If you think Providenciales is laid-back, prepare yourself for the really relaxed worlds of Grand Turk and Salt Cay. Grand Turk and Salt Cay are low-key charmers that hold quaint architectural remnants of the islands' colonial past. If you love to scuba dive or snorkel, have a thing for sun-drenched beaches and ridiculously beautiful seas, and crave a relaxed, back-to-basics departure from the chichi boutique-resort scene, a visit to both islands during your vacation is highly recommended.
Grand Turk is the capital of the Turks and Caicos Islands, although it is no longer the financial and business hub of the island nation, having lost that position to Provo. It is no longer the transportation hub either, as Provo receives 95% of the international airplane landings. The island is rather barren and wind-swept, and even though lovely green bluffs top its northwest and eastern shores, don't come here looking for lush tropical foliage. Do consider Grand Turk, however, if you want a destination that's excellent for snorkeling and diving, with beautiful white-sand beaches and a friendly, small-town vibe. You might say it's Mayberry by the Sea.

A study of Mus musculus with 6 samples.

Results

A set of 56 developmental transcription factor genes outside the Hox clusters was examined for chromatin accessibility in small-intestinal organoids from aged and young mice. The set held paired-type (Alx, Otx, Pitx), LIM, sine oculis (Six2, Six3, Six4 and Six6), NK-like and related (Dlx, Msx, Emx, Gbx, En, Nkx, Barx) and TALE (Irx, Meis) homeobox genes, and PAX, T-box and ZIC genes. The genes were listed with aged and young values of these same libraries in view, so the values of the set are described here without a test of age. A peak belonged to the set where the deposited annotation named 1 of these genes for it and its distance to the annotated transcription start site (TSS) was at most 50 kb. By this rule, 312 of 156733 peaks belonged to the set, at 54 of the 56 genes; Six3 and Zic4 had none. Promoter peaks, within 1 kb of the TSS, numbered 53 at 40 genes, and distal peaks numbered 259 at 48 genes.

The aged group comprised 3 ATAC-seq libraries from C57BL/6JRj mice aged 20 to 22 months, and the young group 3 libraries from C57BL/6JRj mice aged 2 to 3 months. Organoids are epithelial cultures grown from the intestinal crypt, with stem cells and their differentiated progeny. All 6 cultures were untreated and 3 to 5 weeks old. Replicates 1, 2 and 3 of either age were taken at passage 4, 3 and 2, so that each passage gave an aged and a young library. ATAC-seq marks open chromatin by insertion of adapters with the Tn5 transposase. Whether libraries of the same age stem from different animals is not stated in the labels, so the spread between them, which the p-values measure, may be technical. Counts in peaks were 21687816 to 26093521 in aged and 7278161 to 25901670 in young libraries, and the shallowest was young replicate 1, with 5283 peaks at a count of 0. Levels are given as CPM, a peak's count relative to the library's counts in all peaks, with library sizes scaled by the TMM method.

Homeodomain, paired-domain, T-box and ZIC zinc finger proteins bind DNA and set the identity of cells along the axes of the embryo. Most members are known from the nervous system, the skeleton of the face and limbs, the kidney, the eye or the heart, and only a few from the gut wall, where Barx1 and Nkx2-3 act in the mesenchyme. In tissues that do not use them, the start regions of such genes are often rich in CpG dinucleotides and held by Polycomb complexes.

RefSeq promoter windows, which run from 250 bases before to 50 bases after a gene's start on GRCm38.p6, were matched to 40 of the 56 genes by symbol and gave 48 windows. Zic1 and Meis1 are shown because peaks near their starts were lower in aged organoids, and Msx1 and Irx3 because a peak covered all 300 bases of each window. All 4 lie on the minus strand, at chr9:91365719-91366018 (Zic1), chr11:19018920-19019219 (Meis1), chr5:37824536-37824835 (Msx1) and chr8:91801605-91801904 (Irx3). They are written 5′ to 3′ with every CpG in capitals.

Cockburn Town (Coe-burn) is the financial and business center of this tiny (11*3.2km/7*2 miles) island. The best place for swimming is Governor's Beach near the governor's residence, Waterloo, on the west coast of the island. Take time to tour Cockburn Town's historic section, particularly Duke and Front streets, where 200-year-old structures crafted of wood and limestone line the waterfront. Stroll the area and soak in the rhythms of Cockburn Town, the vintage architecture behind picket fences entwined with crimson bougainvillea, the fragrant trees, the funky beachfront bars, the wet suits hanging out to dry. Stay for a couple of days, and you'll be waving to familiar faces on the street, calling the local dogs by name, and settling into your new favorite spot on Duke Street to watch the sunset over a cool Turk's Head beer.
Note: Grand Turk continues to recover from a devastating direct hit by Hurricane Ike in September 2008, which left a good percentage of the island's structures damaged or destroyed, including some historic properties. The island's lodgings are open for business, however, and the surrounding coral reef and undersea "Wall" are reportedly recovering as well, good news for divers and snorkelers who make pilgrimages here from around the globe to explore Grand Turk's spectacular marine waters.